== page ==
A Return to the Misery of Poverty Tows?

After months of moratorium on poverty tows, San Francisco may soon fall back on the inequitable practice. 

As the map pictured here makes brutally clear, the towing practices of the San Francisco Municipal Transportation Agency (SFMTA) are highly inequitable and disproportionately target San Francisco’s low-income communities of color living in the Bayview and Tenderloin. Welcome to the reality of poverty tows! 

There are three types of poverty tows: tows for five or more unpaid parking tickets, tows for vehicle registrations that are more than six months out of date, and tows for legally parking in the same location for more than 72 hours. Based on information from an SFMTA public records request, Chris Arvin, a volunteer with the Stop Poverty Tows Coalition, compiled the data on poverty tows occurring in each district. Arvin found that 25% of all poverty tows happen in District 10, with a total of 3,405 poverty tows between July 2018 and June 2020. This makes it clear that residents of the Bayview are suffering most severely from these towing practices. Residents of District 6, which includes the Tenderloin and where 17% of all poverty tows occur, are the second most affected population in San Francisco. 

The data speaks for itself. Poverty tows punish the most marginalized and vulnerable communities of San Francisco, and are particularly harmful for folks living in their cars or RVs. These tows result in tremendous and often undoable harm, as the chances of getting back a vehicle — or home — can be very low due to high towing and storage fees. And if the harm caused was not enough, the City’s tow program makes a deficit of $4.7 million annually, with low-income tows representing $1.5 million of this loss.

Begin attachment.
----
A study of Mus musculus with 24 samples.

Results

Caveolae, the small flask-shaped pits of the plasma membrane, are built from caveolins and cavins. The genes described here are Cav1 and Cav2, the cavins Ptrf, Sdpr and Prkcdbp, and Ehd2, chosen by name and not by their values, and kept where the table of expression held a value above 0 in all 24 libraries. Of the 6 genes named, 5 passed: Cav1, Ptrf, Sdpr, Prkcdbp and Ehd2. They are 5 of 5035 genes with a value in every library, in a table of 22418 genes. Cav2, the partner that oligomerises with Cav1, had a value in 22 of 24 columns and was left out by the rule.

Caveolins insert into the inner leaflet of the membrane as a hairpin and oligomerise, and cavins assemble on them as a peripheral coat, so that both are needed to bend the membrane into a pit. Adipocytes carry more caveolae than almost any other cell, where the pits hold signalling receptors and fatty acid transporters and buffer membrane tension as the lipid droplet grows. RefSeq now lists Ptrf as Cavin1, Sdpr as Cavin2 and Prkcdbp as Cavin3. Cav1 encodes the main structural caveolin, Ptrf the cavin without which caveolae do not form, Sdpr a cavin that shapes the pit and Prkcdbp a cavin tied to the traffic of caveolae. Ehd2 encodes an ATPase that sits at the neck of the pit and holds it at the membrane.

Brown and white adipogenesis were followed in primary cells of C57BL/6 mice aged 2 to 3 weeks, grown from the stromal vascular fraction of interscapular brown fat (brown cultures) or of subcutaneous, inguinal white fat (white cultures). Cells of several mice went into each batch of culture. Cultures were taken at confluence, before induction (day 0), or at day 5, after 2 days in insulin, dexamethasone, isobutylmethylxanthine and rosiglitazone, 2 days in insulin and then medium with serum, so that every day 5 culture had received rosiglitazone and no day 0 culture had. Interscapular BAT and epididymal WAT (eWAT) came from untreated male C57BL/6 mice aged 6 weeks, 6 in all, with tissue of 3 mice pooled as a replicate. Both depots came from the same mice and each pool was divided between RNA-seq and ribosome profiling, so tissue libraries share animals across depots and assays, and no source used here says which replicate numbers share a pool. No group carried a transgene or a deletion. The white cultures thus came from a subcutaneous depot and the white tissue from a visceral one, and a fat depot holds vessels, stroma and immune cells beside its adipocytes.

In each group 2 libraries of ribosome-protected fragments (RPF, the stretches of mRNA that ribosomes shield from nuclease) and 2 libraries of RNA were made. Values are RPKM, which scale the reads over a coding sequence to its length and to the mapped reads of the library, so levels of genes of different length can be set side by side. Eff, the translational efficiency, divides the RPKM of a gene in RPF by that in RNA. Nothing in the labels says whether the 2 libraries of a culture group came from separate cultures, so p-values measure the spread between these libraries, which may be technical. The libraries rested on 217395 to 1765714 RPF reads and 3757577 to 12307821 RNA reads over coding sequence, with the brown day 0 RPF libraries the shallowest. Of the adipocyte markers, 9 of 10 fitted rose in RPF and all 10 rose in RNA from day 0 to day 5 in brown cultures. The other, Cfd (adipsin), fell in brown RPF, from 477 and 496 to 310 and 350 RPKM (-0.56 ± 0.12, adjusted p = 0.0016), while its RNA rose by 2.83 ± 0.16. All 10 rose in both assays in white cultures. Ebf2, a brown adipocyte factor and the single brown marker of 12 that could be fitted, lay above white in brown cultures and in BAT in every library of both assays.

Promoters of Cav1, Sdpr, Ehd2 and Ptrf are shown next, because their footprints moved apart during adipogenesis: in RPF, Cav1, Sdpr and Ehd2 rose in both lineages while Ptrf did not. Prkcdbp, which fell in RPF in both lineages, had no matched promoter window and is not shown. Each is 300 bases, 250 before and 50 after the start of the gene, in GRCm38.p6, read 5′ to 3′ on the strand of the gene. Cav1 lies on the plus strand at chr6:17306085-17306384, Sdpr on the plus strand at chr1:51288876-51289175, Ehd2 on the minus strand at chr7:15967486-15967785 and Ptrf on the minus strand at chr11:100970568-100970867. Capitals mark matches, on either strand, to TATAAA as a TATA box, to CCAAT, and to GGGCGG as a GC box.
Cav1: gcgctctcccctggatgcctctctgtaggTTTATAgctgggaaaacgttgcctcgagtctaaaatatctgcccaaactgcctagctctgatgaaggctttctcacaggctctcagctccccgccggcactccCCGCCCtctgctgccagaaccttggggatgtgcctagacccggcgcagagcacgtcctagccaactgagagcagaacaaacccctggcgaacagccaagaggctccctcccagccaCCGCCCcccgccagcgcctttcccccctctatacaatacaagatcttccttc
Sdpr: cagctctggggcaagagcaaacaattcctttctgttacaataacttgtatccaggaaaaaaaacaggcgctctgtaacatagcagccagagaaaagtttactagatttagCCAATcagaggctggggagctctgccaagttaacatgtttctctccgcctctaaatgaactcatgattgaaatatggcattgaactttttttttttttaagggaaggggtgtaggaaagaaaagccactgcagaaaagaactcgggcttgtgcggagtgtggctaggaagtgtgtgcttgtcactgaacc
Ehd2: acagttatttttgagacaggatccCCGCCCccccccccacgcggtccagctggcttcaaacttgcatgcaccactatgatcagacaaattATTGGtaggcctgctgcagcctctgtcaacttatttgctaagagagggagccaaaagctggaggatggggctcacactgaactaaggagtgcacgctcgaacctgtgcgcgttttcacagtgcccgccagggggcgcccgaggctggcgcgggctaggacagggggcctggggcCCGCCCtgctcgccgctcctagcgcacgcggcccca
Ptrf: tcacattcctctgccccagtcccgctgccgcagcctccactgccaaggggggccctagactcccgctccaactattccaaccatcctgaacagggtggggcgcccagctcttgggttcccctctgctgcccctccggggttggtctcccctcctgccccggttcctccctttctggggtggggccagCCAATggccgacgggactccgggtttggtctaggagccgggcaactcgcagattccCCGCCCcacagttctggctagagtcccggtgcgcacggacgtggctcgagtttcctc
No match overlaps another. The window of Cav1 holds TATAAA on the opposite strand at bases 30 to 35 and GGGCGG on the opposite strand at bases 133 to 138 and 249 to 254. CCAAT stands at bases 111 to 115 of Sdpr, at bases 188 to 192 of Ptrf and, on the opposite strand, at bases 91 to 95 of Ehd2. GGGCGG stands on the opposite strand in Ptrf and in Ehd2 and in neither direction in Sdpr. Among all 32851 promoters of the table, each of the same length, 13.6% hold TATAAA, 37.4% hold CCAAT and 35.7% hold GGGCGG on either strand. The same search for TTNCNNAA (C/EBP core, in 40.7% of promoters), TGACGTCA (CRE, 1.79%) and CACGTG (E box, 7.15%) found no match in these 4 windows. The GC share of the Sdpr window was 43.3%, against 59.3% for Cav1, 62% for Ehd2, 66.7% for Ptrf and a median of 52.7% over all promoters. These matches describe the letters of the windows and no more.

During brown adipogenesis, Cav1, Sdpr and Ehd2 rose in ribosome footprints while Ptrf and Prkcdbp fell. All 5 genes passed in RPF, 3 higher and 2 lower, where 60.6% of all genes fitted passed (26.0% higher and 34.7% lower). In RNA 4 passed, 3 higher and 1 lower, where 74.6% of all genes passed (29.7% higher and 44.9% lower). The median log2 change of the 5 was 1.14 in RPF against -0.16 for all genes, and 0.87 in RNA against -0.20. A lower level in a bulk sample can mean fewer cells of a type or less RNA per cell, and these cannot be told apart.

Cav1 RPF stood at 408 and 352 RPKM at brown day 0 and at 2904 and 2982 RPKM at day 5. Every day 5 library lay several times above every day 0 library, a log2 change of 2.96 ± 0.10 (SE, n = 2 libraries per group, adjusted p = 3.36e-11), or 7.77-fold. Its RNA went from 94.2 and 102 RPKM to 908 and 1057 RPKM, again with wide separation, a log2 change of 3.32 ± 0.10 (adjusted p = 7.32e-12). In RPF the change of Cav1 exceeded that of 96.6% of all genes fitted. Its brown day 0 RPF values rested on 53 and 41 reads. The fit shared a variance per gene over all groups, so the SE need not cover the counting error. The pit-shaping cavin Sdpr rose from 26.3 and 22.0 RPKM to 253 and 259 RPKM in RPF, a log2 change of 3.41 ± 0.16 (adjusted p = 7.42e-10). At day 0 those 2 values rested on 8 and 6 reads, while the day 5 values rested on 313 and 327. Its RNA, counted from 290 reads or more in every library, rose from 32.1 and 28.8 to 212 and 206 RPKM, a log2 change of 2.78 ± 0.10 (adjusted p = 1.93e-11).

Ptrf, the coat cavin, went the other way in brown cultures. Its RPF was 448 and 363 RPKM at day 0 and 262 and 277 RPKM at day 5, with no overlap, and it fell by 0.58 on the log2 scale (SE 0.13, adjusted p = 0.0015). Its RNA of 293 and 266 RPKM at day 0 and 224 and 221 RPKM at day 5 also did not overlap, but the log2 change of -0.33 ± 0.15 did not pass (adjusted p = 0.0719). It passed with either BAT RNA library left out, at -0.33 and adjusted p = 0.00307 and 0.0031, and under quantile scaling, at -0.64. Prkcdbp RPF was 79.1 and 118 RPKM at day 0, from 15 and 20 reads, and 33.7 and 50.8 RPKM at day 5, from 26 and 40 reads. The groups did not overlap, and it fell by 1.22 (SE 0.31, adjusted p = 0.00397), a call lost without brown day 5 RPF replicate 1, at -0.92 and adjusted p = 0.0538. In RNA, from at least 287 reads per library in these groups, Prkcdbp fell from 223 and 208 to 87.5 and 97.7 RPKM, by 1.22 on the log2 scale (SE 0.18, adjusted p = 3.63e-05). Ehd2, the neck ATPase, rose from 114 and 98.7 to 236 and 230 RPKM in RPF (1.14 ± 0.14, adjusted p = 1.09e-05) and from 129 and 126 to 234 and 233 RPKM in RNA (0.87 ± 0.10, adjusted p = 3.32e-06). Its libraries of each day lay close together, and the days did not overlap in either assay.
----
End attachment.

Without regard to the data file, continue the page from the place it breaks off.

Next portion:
The pandemic brought an unexpected form of relief for folks living in their vehicles, when SFMTA halted these towing practices in early summer 2020 in response to the City’s stay-at-home order. This moratorium has meant great relief for many San Franciscans, especially for low-income residents who rely on their cars to get to work and other essential places, and most of all for those who rely on their vehicle for shelter. 

After temporarily stopping the issuing of parking tickets when vehicles were not moved on street cleaning days over the summer, SFMTA resumed citations in September 2020. Since then, tickets and late fees have been accruing for vehicle owners who are still suffering from the financial hardship caused by the pandemic, and who simply can’t afford to pay the staggering tickets. 

The Stop Poverty Tows coalition — endorsed by more than 70 organizations — is meeting regularly with SFMTA staff to advocate for permanently ending poverty tows and installing less onerous ways of collecting debt, among other harm-reduction practices around towing and citation. Despite this exchange, SFMTA has told the coalition that it is considering ending the moratorium on poverty tows in the coming months. 

As for the 72-hour rule, cars that remain parked in a legal spot for three days may start to be towed again as soon as May. When asked why, SFMTA staff have referenced the “immense pressure” from other constituents and complaints about abandoned vehicles. Since the agency has not shared data or estimates on how many of these abandoned vehicles exist, it’s hard to say how legitimate this concern is. Regardless, it’s a sign that the complaints about the unpleasant sight of an abandoned vehicle voiced by some trump the risk of losing shelter for others. 

It seems that SFMTA does not recognize that not towing someone’s RV or car — someone who is most likely already under financial hardship —  is a form of harm reduction. The agency has a responsibility and opportunity to prevent people from descending into yet another level of poverty and homelessness. It’s a role that the agency seemingly does not want to reckon with.